Seattle Mike McGavick, chairman and CEO of property and casualty insurance provider Safeco Corp., announced Monday that he plans to step down as chief executive next month to consider “the possibility of public service.”
McGavick has been mentioned as a possible Republican challenger to U.S. Sen. Maria Cantwell, D-Wash., next year.
McGavick, who served as chief of staff and campaign adviser to former U.S. Sen. Slade Gorton, R-Wash., will leave his post effective Aug. 31, retaining his duties as chairman of the board.
“This decision allows me to give full consideration to the possibility of public service,” McGavick said in a statement released by the company. “I leave with deep gratitude to the people of Safeco and great optimism about the company’s future.”
Safeco said a search is under way for McGavick’s successor.
Dino Rossi, who lost a hand recount of last year’s governor’s race to Democrat Christine Gregoire, said Friday that he will not run against Cantwell. He said he did not want to disrupt his family and is focusing on working for the state from home.
Boeing revises 737, lands 30-plane sale
Seattle The Boeing Co. launched a new version of its narrow-body 737 jet on Monday, as it completed a 30-plane sales agreement with Lion Air, a low-cost Indonesian carrier.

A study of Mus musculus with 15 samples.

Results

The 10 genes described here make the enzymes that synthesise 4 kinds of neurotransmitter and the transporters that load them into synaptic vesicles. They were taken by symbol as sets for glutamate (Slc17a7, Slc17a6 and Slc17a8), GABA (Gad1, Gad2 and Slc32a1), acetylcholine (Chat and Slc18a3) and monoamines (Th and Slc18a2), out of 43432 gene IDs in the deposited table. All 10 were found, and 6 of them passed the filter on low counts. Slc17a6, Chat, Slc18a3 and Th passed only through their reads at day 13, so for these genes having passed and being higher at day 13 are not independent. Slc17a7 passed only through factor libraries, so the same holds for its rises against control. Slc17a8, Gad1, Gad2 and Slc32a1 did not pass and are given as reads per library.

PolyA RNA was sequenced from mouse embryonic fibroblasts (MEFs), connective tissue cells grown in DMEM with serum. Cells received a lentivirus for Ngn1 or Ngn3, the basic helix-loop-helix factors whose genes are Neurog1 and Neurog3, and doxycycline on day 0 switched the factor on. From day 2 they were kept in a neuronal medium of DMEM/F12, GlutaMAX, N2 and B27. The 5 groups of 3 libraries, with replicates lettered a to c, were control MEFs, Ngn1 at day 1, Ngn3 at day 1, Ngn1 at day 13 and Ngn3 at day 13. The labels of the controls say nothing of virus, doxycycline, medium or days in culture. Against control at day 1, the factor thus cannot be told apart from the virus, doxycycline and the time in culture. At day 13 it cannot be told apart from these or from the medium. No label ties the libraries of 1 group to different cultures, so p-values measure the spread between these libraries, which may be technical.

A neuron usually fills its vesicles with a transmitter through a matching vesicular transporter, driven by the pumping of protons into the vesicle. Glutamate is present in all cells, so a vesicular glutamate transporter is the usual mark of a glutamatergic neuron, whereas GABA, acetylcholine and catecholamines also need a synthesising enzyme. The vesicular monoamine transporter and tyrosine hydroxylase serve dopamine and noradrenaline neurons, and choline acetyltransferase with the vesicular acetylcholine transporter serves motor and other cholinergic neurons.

The 737-900ER, formerly known as the 737-900X, will carry more passengers and fly farther than existing models of the single-aisle plane.
Boeing said Lion Air’s order, which included purchase rights for another 30 planes, was worth $3.9 billion at list prices, though airlines typically negotiate substantial discounts.
The new plane will be the same size as the current 737-900, but will carry an additional 26 passengers, boosting the maximum capacity to 215 in a single class.
Aerodynamic and structural design changes, including stronger wings and improvements to the leading- and trailing-edge flap systems, will increase the plane’s range to roughly 3,680 miles.
The 737-900 flies up to 3,160 miles. The 737-800 flies up to 3,380 miles.
The first 737-900ER is scheduled for delivery in the first half of 2007.
Justice appeals ruling on tobacco profits
The Justice Department on Monday asked the Supreme Court to allow it to seek $280 billion in past profits from tobacco companies.
An appeals court had barred the government from seeking the money in a major blow to the long-running federal racketeering lawsuit against the cigarette companies.
The request came at the deadline for the administration to decide whether to appeal the February ruling, by the U.S. Court of Appeals for the District of Columbia Circuit, that the government could not use a federal racketeering law to seek the huge penalty.
The $280 billion is the most ever sought in a civil racketeering trial. The government has described the sum as an estimate of money the companies earned illegally through fraudulent activities such as marketing to children and denying doing so.